Richard Branson’s rocket firm Virgin Orbit files for bankruptcy, 750 staff at risk of losing jobs


Virgin Orbit, a rocket business owned by British billionaire Sir Richard Branson, has filed for bankruptcy in the US after failing to attract new investment. The satellite launch company halted operations a few weeks ago, but it still expects to sell the company.

Based in California, the firm announced last week that it would cut 85% of its 750-strong workforce. Virgin Orbit’s boss Dan Hart said that although the company had "taken great efforts" to  address its finances and secure more funding, "we ultimately must do what is best for the business."

Earlier this year, a Virgin Orbit rocket failed to complete the first ever satellite launch from UK soil. Hart said Virgin Orbit will now concentrate on finding a buyer for the business "to provide clarity on the future of the company to its customers, vendors, and employees."

In a US regulatory filing filed last week, Virgin Orbit said it made the decision "in order to reduce expenses in light of the company’s inability to secure meaningful funding." This means, the layoffs will impact approximately 675 employees who "are located in all areas of the company."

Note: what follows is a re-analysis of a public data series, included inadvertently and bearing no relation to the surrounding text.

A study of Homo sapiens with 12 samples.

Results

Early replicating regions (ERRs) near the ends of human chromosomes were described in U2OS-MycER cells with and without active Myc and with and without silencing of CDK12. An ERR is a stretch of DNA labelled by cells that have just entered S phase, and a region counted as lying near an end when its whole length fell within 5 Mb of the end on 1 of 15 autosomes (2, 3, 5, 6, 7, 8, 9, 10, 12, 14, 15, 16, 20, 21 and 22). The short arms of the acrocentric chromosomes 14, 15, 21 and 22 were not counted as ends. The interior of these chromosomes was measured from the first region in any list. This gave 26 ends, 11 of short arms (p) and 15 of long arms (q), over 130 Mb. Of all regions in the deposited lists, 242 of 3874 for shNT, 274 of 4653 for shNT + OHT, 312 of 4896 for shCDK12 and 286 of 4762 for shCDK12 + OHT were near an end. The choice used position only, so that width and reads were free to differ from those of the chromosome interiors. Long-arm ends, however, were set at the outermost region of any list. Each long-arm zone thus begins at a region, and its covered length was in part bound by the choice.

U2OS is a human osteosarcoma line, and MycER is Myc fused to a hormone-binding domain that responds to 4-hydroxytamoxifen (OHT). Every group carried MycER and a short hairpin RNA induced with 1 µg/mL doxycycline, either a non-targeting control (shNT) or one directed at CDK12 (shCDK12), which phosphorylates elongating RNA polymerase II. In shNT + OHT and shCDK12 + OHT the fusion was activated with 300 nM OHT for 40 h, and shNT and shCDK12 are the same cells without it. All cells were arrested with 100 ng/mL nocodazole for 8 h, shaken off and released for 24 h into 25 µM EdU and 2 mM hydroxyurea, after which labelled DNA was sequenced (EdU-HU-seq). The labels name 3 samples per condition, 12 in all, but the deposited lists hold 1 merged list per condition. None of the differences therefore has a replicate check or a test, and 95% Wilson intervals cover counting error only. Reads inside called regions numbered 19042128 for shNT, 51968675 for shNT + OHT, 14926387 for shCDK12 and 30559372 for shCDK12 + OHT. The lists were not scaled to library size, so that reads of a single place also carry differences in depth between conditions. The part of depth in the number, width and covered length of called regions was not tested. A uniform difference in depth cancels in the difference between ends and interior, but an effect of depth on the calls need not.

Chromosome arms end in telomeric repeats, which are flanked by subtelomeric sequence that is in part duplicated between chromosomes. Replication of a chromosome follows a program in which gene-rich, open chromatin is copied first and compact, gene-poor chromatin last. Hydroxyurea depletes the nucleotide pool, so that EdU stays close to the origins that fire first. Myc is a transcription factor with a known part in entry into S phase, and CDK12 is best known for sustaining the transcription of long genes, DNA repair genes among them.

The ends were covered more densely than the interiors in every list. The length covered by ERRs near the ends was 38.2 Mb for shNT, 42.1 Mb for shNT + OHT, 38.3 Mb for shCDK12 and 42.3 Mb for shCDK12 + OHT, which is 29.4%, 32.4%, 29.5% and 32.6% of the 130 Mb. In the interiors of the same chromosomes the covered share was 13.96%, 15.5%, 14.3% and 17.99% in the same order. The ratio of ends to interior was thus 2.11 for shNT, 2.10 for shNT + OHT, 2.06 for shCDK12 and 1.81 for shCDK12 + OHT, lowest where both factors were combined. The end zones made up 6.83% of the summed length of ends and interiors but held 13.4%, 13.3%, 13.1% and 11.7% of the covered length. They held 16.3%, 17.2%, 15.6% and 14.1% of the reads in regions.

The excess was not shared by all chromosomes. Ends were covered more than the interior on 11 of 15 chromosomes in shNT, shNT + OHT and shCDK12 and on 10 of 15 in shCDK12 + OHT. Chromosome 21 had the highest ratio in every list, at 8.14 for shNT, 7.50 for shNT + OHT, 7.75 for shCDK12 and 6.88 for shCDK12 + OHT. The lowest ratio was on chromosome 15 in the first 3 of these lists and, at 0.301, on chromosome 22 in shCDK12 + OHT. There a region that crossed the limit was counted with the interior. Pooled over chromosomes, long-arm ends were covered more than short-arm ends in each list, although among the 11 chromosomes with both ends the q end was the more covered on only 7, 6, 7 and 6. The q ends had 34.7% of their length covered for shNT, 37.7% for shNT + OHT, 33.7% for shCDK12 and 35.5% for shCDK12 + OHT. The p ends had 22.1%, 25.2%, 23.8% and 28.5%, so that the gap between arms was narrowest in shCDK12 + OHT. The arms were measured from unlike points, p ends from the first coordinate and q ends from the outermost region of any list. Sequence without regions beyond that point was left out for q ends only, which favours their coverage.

It said Sir Richard’s investment firm Virgin Investments has injected $10.9 million (£8.8 million) into Virgin Orbit "to fund severance and other costs related to the workforce reduction". Virgin Orbit said it expects payments to laid off staff and other costs to total around $15 million.

As a public company, the firm, which was established in 2017, has not made a profit. It is part of Sir Richard Branson’s business empire, which also encompasses the airline Virgin Atlantic and the space tourism firm Virgin Galactic.